Form Strategic Alliances—Two More Things Your AKC Club Can Do TODAY

2018-09-13 | , American Kennel Club

There is always strength in numbers. The more individuals or organizations that you can rally to your cause, the better. ‒ Mark Shields, author and political commentator.

Our dogs work together at tasks and at play. Picture a team of Alaskan Malamutes pulling a sledge of firewood, a brace of Pointers intensely indicating game birds, Kuvasz guarding their flock, and even a litter of rowdy puppies playing tug-of-war with a sofa cushion.  By combining strength, smarts, and determination, dogs and dog advocates can accomplish more together than they can as individuals.

Successful grassroots advocates form strategic alliances with like-minded groups and work together on common issues. How can AKC clubs increase their impact and effectiveness by joining forces with other organizations? 

First, Identify your allies. There are individuals and groups—both small and large—that are working to preserve their rights to own and enjoy a variety of animal species. AKC clubs can take a leadership role to bring these individuals and groups together to join efforts in protecting the rights of all animal owners.

Reach out to pet owners and enthusiast groups. These may include cat fanciers, pet bird keepers and breeders, people who love pocket pets, and owners of reptiles and legal exotic animals.

Strong alliances can be formed with sportsmen who participate in and promote hunting, hiking, camping, and other activities with dogs. Sportsmen’s advocacy organizations are often willing to share information, contacts, and materials. They frequently work with AKC clubs, federations, and other groups to conduct outreach activities that advance the mutual goal of preserving and protecting the rights of animal owners.

Consider forming alliances with agricultural organizations that are often targeted by inflammatory animal rights-based propaganda. Like responsible dog owners and breeders, they share an interest in opposing legislation and regulations that are incorrectly based on emotion, false claims and hyperbole. The promotion of sound, science-based animal husbandry practices is a mutual goal for farmers and for dog owners and breeders.  

Work with pet industry professionals such as groomers, boarding kennel operators, trainers, and others who may be targeted by overreaching proposals. Bring to the table veterinarians who are knowledgeable about canine reproduction and who are familiar with reasonable, science-based standards for dog care.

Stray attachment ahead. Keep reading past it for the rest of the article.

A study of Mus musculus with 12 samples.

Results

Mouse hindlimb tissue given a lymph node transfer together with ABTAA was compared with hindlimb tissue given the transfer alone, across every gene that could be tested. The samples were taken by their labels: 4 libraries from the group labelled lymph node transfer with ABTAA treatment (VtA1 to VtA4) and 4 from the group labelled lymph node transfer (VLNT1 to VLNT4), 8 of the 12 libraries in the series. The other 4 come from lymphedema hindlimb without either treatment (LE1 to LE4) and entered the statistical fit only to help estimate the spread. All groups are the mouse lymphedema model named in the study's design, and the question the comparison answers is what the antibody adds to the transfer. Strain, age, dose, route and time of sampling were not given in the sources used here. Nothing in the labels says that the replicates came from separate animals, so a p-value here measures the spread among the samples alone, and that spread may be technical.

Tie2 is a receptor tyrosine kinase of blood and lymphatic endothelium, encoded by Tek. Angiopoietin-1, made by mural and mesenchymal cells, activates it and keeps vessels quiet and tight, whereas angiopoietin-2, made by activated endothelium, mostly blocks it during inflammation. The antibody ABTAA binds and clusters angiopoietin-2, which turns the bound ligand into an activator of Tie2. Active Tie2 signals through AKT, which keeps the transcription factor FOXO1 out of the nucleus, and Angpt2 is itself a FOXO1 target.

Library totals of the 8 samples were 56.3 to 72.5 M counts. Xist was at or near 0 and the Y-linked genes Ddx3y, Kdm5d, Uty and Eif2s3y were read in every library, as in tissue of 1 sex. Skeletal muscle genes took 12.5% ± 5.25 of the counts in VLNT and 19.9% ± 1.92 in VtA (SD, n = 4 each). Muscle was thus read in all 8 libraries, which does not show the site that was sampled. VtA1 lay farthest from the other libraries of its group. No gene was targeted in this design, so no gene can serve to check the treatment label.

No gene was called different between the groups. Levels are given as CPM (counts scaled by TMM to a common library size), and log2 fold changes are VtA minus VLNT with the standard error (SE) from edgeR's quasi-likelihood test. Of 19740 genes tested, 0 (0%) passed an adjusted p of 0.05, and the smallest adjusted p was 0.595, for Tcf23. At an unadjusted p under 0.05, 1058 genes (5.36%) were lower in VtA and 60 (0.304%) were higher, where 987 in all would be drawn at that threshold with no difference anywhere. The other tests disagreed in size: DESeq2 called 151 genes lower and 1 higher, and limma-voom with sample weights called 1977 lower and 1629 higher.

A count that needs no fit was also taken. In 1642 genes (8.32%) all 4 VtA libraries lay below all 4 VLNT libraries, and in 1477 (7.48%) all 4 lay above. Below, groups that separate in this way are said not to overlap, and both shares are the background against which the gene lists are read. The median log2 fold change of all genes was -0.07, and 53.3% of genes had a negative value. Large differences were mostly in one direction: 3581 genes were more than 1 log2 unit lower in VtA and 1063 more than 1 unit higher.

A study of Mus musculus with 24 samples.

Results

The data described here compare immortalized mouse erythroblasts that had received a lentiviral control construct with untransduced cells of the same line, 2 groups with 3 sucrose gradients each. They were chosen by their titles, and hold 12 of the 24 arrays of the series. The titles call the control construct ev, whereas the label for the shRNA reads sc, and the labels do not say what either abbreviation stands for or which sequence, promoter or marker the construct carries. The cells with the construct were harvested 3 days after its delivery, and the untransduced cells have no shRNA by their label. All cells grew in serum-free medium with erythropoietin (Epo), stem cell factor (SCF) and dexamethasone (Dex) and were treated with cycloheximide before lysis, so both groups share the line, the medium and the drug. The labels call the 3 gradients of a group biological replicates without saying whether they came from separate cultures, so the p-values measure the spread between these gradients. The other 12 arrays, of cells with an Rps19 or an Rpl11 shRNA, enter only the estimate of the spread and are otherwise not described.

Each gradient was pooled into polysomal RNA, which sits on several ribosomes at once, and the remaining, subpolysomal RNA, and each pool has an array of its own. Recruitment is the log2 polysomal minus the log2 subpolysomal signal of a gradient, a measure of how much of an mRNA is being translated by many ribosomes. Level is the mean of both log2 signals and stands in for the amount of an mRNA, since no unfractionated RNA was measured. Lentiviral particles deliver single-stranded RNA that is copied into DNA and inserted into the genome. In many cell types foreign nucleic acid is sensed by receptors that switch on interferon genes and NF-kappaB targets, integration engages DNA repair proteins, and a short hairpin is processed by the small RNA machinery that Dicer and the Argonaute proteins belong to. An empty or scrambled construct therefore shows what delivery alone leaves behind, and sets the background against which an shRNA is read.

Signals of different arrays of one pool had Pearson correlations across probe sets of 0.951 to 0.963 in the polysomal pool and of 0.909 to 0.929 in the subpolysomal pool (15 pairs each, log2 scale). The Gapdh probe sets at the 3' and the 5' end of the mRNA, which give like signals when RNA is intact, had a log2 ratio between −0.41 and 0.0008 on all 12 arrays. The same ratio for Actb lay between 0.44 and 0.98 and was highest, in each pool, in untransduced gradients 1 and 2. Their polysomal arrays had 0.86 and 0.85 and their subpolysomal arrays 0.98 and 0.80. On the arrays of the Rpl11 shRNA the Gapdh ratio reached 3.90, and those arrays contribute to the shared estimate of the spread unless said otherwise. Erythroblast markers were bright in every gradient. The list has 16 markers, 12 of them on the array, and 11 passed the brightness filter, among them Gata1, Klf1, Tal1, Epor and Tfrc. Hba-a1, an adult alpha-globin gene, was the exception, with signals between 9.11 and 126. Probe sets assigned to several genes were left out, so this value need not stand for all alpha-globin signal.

Next, share mutually relevant communication with your allies. Include them in your grassroots outreach and copy them on your public-facing communication.  Sign up for their newsletters and alerts. Invite them to your meetings, and attend theirs. Work together to exchange information on issues that affect animals and animal owners in your state and community. Rally together to the cause. When appropriate, reciprocate and support your allies on their issues.

Working together with groups that share a common goal—or a common challenge—helps raise the profile, amplify the message, and increase the clout of all participating groups. 

These two steps regarding forming strategic alliances, when combined with four steps your AKC club can do to stay ahead of anti-dog legislation will empower your club and other animal advocates to stay better informed, to take action against problematic legislation, and to work together to support good measures that protect our animals and our rights. 

Let’s recap six steps your AKC club can take TODAY on behalf of the dogs we love:

  1. Appoint, equip, and enable a Legislative Liaison for your club, and back up that person. Contact melissa.ferrell@akc.org if you need assistance.
  1. Update your club’s officer list and contact information at event-ops@akc.org.
  1. Let AKC GR know if your club officers and Legislative Liaison are not getting AKC legislative alerts by sending a message to doglaw@akc.org.
  1. Quickly advise AKC GR at doglaw@akc.org when local canine legislation is discussed or introduced in your county or city.
  1. Identify your allies and form strategic alliances with like-minded groups, those who face similar challenges, and those who share common ideologies.
  1. Share mutually relevant communication with allies. Include them in your grassroots outreach. When appropriate, reciprocate and support your allies on their issues.

For assistance, information, and to share your great ideas, please contact AKC GR at doglaw@akc.org or 919-816-3720.